Le Vertu au Cabaret [Virtue at the Cabaret] - 1768


Etching and aquatint. Size of sheet: 24.3 x 18.2 cm. Signed and dated on the plate: Le Prince 1768. Lettered with title “La Virtue au Cabaret”. Watermark: part of AVUERNE. Annotaion in pencil below the platemark.


Hédou, 1879, 174; IFF (102); Le Blanc 49; Portalis 24. 


Provenance: probably with Paul Prouté Gallery (based on the purchase price code below the image). 


Very fine richly inked impression on laid watermarked paper with margins. Light stains from old glue in the corners on the upper border, otherwise in excellent condition.


Comparative impressions: British Museum – 1859,1210.102; Yale University Art Gallery – 2007.69.3.



Jean-Baptist Le Prince: Le Vertu au Cabaret

  • The painter and engraver, Le Prince was a pupil of François Boucher and Joseph-Marie Vien. After spending five years in Russia (1759-64) where he worked for Catherine the Great at the Imperial Palace in St Petersburg, Le Prince returned to Paris bringing with him extensive collection of his drawings executed while travelling in Russia, Finland and Lithuania. These would serve as his own iconography for his printed russeries till the end of his life.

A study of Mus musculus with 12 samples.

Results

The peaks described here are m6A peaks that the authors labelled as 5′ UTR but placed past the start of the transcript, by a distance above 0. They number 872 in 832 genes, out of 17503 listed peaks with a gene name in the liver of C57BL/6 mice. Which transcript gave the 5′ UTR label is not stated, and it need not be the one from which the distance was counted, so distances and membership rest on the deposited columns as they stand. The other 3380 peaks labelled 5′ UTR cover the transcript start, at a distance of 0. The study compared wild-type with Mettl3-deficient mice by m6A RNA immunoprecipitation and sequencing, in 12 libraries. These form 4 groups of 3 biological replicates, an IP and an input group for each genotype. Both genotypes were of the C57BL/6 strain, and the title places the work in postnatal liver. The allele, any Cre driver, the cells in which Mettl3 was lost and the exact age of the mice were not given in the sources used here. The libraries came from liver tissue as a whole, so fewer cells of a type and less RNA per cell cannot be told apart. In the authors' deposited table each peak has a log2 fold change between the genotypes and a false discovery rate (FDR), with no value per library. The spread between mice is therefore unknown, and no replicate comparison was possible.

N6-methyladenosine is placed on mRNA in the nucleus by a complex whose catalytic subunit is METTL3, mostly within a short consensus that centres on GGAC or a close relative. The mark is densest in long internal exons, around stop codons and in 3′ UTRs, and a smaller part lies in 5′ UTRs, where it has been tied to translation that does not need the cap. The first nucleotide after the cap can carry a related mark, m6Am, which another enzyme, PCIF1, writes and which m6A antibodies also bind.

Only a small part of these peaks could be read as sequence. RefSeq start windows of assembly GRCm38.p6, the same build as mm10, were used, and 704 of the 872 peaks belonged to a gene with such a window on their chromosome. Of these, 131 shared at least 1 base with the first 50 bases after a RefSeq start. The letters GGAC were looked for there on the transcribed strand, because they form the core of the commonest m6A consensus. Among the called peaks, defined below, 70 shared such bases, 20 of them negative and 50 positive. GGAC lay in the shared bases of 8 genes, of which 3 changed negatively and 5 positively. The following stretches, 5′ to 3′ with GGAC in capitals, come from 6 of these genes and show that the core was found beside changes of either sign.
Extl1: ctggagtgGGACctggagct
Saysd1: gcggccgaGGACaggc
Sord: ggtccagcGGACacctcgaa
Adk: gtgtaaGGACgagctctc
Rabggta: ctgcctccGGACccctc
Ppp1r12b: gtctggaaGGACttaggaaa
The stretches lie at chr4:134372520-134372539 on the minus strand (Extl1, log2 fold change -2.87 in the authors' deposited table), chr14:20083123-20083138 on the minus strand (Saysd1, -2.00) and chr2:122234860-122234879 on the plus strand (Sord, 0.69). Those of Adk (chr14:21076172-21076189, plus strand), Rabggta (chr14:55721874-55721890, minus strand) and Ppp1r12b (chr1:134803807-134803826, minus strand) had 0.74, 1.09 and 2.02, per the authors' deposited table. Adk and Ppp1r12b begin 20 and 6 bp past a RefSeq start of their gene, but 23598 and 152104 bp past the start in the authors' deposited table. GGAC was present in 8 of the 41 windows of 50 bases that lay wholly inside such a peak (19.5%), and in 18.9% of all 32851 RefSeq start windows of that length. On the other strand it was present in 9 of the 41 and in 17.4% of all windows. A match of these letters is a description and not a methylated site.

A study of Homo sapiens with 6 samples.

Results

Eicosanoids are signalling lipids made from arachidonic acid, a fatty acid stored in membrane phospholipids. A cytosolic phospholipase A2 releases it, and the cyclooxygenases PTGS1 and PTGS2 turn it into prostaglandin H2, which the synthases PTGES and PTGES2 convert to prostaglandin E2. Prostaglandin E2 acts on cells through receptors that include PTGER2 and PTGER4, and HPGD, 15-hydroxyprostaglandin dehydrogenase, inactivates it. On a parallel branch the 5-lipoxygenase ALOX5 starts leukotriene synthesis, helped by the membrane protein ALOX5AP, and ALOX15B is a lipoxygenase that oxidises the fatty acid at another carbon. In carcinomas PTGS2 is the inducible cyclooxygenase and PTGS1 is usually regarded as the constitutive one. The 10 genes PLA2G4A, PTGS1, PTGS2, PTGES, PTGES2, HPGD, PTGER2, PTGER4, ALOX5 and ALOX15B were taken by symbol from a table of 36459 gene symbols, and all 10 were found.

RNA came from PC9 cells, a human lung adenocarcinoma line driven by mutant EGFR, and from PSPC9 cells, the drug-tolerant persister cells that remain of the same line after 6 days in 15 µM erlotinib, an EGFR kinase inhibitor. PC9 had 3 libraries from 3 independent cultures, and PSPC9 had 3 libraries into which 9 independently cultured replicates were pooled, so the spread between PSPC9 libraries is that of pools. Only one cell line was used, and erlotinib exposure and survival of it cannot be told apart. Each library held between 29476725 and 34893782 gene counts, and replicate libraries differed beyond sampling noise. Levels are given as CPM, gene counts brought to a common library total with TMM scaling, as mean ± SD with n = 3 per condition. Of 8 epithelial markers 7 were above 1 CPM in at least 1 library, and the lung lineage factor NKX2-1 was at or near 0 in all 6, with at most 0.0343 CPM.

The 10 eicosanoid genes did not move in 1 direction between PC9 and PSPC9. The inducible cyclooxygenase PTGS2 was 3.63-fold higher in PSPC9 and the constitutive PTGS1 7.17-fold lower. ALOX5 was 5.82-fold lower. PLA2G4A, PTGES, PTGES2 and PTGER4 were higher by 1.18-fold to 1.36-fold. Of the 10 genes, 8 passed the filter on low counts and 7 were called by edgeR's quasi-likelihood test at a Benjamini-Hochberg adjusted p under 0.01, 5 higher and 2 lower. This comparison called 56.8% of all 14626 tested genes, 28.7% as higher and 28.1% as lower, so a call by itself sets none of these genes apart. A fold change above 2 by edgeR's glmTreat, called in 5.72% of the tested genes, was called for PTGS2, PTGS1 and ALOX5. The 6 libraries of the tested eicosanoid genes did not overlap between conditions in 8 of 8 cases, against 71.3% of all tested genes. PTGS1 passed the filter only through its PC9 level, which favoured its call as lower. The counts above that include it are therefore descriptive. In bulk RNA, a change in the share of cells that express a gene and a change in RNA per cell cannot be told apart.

After a number of experiments, he created the process of la gravure au lavis or the dust-grain aquatint etching. Le Prince’s new works were met with enthusiasm from the public as they satisfied the demand for reproduction of washed drawings.

    Most of Le Prince’s aquatints depicted scenes which he had sketched while in Russia. Le Prince’s first gravures au lavis (wash prints) were published in 1768; the last appeared in 1774, only six years later. All of them were printed on bright white papers to sharpen the contrast with the inks and enhance the pictorial richness of the images. During this relatively short time the artist produced 79 aquatints.

    La Vertu au Cabaret and Le Chartier et la Laitiere were among his first showcases of newly invented printing technique.

  • Ralph Nevill, French Prints of the Eighteenth Century, 1908;

    John Ittmann et al., Regency to Empire: French Printmaking 1715-1814, 1984;

    Margaret Crasselli, Colorful Impressions/The Printmaking Revolution in Eighteenth-Century France, 2008;

    Ad Stijnman, Engraving and Etching 1400-2000, 2012.